ECRA, a firm that has previously conducted a survey for the District, called 569 households, made contact with 263 of those households, and completed interviews of 247 households.
In its report, ECRA presents the following general finding:
“The vast majority of parents residing in the 5th Ward are content with the schools their child(ren) currently attend, and believe their children are receiving a quality education. They are especially complimentary of District 65 teachers. Parents are open to the idea of a new school, but feel they need detailed information regarding what is being proposed and competing options before they are in a position to judge their support.
“Should the District choose to build a new school in the 5th Ward, the majority of parents feel they should have a choice as to whether to send their child to the new school – regardless of the type of school (magnet, charter, neighborhood, etc.). The greatest concern from parents regarding a new school in the 5th Ward is most do not want to withdraw their children from their current school, and do not want to disrupt their children’s education or the friendships they have formed.
“That being said, parents are not against a new school being built in the 5th Ward, and recognize there could be benefits, especially in the area of transportation, where there is discontent among many parents with length of bus routes. Parents would like additional information about exactly what is being proposed so they are in a better position to judge the likelihood of sending their children to a new school.”
If a new school is built, “parents value, above all, good teachers, quality instructional programming, and maintaining small class sizes.” ECRA’s report says other areas cited by parents were:
• “Better behavioral interventions and safety measures.
• More focus on ethnic and socioeconomic diversity and balance in the student population, including a reflection of that diversity in school staff, and an increased focus on multicultural education.
• More support and programming for special needs students.
• Better overall facilities and updated technology.”
Parents were asked if their level of participation in PTA or school programs would increase if their children attended a school in their neighborhood, versus their current school. ECRA’s report says, “Few parents responded in length to this question. Most indicated they participate in their children’s education, but are not actively involved due to work obligations and time constraints at home. Work and other obligations appear to be the primary reasons for lack of involvement, and there is no indication whether parents would increase participation or not if a school was built closer to home. Of those who indicated they are actively involved, nearly all felt they would remain involved if a new school were built.”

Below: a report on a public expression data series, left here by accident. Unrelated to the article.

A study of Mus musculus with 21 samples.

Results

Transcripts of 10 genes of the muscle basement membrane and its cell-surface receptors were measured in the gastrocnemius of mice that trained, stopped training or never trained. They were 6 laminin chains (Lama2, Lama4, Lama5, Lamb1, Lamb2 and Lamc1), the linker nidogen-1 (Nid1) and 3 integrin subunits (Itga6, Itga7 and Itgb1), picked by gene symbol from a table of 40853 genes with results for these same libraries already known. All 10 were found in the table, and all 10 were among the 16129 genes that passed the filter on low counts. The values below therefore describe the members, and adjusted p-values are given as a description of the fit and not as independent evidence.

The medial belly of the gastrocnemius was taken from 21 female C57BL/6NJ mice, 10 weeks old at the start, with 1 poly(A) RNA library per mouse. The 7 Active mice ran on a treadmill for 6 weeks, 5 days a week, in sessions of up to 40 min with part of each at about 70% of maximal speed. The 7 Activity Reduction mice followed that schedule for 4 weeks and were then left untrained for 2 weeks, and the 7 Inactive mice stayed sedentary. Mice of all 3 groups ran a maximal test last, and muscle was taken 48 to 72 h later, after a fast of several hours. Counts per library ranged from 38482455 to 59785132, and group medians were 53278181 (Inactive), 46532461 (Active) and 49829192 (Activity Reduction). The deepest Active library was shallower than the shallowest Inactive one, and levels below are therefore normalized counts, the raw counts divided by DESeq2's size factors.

As to whether their children would be more likely to participate in after-school activities at a school within walking distance of their home, ECRA says, “Responses were split between “yes” and “no.” About half of the respondents indicated their children probably would increase participation if the school were closer to home, while the other half indicated it would not have an effect or that they are satisfied with where they are now.”
As to the importance of students being able to walk to school, ECRA’s report says, “Responses were evenly split on the importance of being able to walk to school, with half indicating it is important, and half indicating it is not important. Many parents prefer their children to be bused for safety reasons, but they are unhappy with long bus routes. Parents that indicated being able to walk to school is important also cited a number of additional factors that should be considered when deciding whether or not to build a new school.”
Dr. Murphy noted that about one-half of the parents said their children would probably increase their participation in after-school activities, if a school were closer to home. Jean Luft, a member of the Committee and president of DEC (the teachers union), added that research shows that participating in after-school activities is very important to school success.
Ms. Luft added that the survey supported the Committee’s view that parents and students would become more involved if a new school were built in their neighborhood.
School Board and Committee member Jerome Summers expressed reservations about ECRA’s comment about whether parent participation would increase. He said that at 10 PTA meetings he has attended, he has seen fewer than 10 African American and Hispanic parents in attendance. By comparison, he said, at events sponsored by the African Centered Curriculum program at Oakton School, many African American parents attend.
Betsy Jenkins, a member of the Committee, said she would like to see a breakdown of the ethnic make-up of the parents surveyed. She said many African American parents in the Fifth Ward have told her busing is an issue.
Lloyd Shepard expressed a concern about how reliable answers to a telephone survey would be, particularly if parents were hesitant to give candid answers to someone in a position of authority.
Kim Weaver, a member of the Committee and the Board, suggested that the parents be resurveyed after architectural drawings for the new school were prepared and a location selected.